The Final Takeover
On August 20, U.S. president George W. Bush, Mexican president Felipe Calderón and Canadian prime minister Stephen Harper met in Montebello, Quebec, for a two-day conference to ratify the Security and Prosperity Partnership of North America (SPP). The SPP, which was initiated in Waco, Texas, in 2005 by Bush, Canadian prime minister Paul Martin and Mexican president Vincente Fox, is a plan for continental integration or a North American Union along the lines of the European Union. It involves the harmonization (read: Americanization) of hundreds of regulations, policies and laws, including environmental and labour standards, immigration policies and commercial laws. The SPP also encompasses plans for the complete integration of North American security arrangements and unrestricted American access to energy and natural resources, including water – as well as the construction of a superhighway for commercial traffic through the central U.S. from Canada to Mexico.
Like NAFTA, the SPP will be administered not by national governments but by an appointed board consisting of corporate executives and government appointees. Unlike NAFTA, the SPP will not contain a revocation clause, and, once signed, will be legally binding upon all three countries. As both Canada and Mexico have discovered during the past thirteen years of NAFTA, however, in reality this means that the will of the U.S. government and multinationals will be binding upon Canada and Mexico – but the reverse will not be true. Canada and Mexico joined NAFTA with the hope that it would put an end to American protectionist trade policies and give their businesses unrestricted access to American markets. However, U.S. predatory trade policies have not abated in the least, as can be seen in the cases of Canadian softwood lumber and wheat, and in the case of the Mexican trucking industry.
In the wake of 9/11 – that all-purpose justification for all retrograde policies – the Bush Administration has used the excuse of border-security concerns to erect non-tariff barriers against selected imports from Canada and Mexico, and to pressure those governments to align their policies, regulations and laws with those of America. U.S. border regulations have become so onerous on shippers that small companies find it almost impossible to ship goods across the border. The competitive advantage gained by the U.S. transportation giants has facilitated their further takeover of the transportation industries in both Canada and Mexico.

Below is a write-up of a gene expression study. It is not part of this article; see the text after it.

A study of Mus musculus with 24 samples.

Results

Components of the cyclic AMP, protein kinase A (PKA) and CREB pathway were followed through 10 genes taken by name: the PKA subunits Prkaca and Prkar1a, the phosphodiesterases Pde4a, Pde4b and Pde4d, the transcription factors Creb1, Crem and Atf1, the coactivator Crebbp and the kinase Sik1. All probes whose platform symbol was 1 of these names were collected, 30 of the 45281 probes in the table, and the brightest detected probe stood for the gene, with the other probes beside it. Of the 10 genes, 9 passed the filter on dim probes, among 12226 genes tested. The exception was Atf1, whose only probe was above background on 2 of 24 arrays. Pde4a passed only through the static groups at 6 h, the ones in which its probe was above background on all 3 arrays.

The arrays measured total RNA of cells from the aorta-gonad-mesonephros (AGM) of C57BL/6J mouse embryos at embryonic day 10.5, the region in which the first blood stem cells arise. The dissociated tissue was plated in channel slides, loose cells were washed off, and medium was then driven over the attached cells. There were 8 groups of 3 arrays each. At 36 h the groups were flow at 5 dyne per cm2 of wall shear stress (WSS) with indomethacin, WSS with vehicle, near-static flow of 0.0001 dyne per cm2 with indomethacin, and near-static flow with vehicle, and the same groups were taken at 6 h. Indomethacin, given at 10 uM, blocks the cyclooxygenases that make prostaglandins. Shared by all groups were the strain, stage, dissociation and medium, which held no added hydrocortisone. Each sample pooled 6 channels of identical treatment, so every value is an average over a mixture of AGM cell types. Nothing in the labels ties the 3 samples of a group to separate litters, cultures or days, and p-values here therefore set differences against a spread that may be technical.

The response of both Canadian and Mexican governments has been to beg the Americans for more of the same – offering up more and more of their sovereignty in exchange for illusory trade benefits, whi-ch always seem to be just around the next corner.
The driving force behind these plans for the deep integration of the North American economies is the challenge currently posed to American corporations by European and Asian corporations seeking access to markets and sources of raw materials. To meet this challenge, the American corporations are forced to become larger and more powerful through takeovers, mergers and alliances, and to strengthen their hold over the domestic markets in North America, much as the European corporations have done through the EU. This process is irreversible, as big capital inevitably swallows up small capital – and U.S. capital is, in general, far bigger than Canadian or Mexican capital.
The issue for Canadians is not to demand controls on foreign ownership of “Canadian” companies. As we have witnessed, Canadian capitalists are all too eager to sacrifice the sovereignty and interests of the Canadian people in return for a bigger slice of the American pie. The issue, rather, is to figure out alternatives to a world dominated by Big Capital, in which the rights of shareholders take precedence over the rights of society, and in which the vast majority of the people are increasingly shut out from the political, economic, social, military and surveillance decisions affecting their lives.